Francis Patrick Donnelly
No preview available - 2010
The Art of Interesting: Its Theory and Practice for Speakers and Writers
Francis Patrick Donnelly
No preview available - 2015
abstract Ancient Rome asphodel meadows audience beauty Bryan called Christ Church Cicero clever Columbus comparison concrete crete critics definite Demosthenes dium Douglas effect eloquence end language epigram essay esthetic emotions evil example faculty fancy Father Brown Father Pardow Father Tabb feeling formal cause give Gospel gratitude Hartley Coleridge hearers heart humor ideas illustrations imitation interest journalese Justine Ward language listeners literature look Macaulay marble meaning medium mind mind forever Voyaging nature never Newman novelty object orator oratory originality particular passage perhaps phrase picture poem poet poetic poetry preacher preaching prose pulpit reader scenes Second Spring sense sermons sion soul sound speak speaker speech spinal thrill style SUBJECTS Imagine teaching theology things thou thought tion tiresome topic traits trite true truth ture Wendell Phillips words writer
Page 299 - THE lost days of my life until to-day, What were they, could I see them on the street Lie as they fell ? Would they be ears of wheat Sown once for food but trodden into clay ? Or golden coins squandered and still to pay ? Or drops of blood dabbling the guilty feet ? Or such spilt water as in dreams must cheat The undying throats of Hell, athirst alway ? I do not see them here ; but after death God knows...
Page 63 - Of old hast thou laid the foundation of the earth: and the heavens are the work of thy hands. They shall perish, but thou shalt endure: yea, all of them shall wax old like a garment; as a vesture shalt thou change them, and they shall be changed: But thou art the same, and thy years shall have no end.
Page 271 - And if I should live to be The last leaf upon the tree • In the spring, Let them smile, as I do now, At the old forsaken bough Where I cling.
Page 271 - Full many a glorious morning have I seen Flatter the mountain tops with sovereign eye, Kissing with golden face the meadows green, Gilding pale streams with heavenly alchemy; Anon permit the basest clouds to ride With ugly rack on his celestial face, And from the forlorn world his visage hide, Stealing unseen to west with this disgrace : Even so my sun one early morn did shine With...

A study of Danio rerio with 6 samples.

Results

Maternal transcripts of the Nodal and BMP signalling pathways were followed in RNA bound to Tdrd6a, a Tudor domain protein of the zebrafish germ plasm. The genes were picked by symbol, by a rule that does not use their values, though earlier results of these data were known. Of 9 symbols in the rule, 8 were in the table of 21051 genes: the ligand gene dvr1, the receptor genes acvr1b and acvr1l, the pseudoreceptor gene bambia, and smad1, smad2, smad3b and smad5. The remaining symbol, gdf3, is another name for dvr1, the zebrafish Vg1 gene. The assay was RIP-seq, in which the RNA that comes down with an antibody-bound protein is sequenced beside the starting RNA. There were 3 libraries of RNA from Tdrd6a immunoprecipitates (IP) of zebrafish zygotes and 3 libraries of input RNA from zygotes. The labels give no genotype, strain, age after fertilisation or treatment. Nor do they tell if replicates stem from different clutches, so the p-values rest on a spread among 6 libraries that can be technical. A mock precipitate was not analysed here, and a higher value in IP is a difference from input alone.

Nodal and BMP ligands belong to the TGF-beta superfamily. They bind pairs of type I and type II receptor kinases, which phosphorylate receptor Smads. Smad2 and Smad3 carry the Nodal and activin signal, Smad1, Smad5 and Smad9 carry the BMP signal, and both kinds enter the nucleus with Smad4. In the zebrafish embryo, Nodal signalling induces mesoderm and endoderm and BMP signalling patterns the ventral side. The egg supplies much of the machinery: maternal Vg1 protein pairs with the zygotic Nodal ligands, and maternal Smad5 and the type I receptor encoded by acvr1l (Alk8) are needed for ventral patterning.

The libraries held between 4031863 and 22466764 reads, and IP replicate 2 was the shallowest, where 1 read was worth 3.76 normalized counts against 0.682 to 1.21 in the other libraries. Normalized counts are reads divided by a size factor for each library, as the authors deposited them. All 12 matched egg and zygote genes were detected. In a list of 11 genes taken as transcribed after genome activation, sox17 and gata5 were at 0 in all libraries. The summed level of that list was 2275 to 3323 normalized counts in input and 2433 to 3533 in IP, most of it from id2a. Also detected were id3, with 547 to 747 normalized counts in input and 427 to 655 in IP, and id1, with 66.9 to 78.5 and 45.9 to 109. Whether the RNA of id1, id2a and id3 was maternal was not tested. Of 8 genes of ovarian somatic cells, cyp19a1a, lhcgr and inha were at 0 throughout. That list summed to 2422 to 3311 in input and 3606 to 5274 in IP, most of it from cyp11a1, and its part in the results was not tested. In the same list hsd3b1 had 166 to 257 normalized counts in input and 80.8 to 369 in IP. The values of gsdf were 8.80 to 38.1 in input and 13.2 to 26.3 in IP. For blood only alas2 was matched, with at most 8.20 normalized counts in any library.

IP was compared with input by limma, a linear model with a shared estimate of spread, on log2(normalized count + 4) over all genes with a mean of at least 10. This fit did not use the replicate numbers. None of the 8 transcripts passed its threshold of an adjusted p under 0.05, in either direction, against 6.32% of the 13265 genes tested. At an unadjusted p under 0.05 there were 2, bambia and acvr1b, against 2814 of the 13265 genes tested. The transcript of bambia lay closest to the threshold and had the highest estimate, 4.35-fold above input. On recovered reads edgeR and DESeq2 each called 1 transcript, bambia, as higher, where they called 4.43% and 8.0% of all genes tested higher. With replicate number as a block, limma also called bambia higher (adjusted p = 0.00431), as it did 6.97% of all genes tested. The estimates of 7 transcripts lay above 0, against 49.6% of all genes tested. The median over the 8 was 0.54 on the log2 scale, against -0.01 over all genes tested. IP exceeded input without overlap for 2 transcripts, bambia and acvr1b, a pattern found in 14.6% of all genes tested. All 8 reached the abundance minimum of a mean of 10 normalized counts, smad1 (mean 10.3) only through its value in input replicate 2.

Page 277 - He had just as lively an idea of the insurrection at Benares as of Lord George Gordon's riots, and of the execution of Nuncomar as of the execution of Dr. Dodd. Oppression in Bengal was to him the same thing as oppression in the streets of London.
Page 149 - Ah, my friends, we say not one word against those who live upon the Atlantic coast, but the hardy pioneers who have braved all the dangers of the wilderness...
Page 271 - I've seen around me fall, Like leaves in wintry weather, I feel like one Who treads alone Some banquet-hall deserted, Whose lights are fled, Whose garlands dead, And all but he departed.
Page 220 - Consider the lilies of the field how they grow: they labour not, neither do they spin. But I say to you, that not even Solomon in all his glory was arrayed as one of these.
Page 184 - DANCE to the beat of the rain, little Fern, And spread out your palms again, And say, " Tho' the sun Hath my vesture spun, He had labored, alas, in vain, But for the shade That the Cloud hath made, And the gift of the Dew and the Rain.
Page 65 - He established the sky above, and poised the fountains of waters : when He compassed the sea with its bounds and set a law to the waters, that they should not pass their limits : when He balanced the foundations of the earth, I was with Him, forming all things, and was delighted every day, playing before Him at all times, playing in the world : and my delights were to be with the children of men.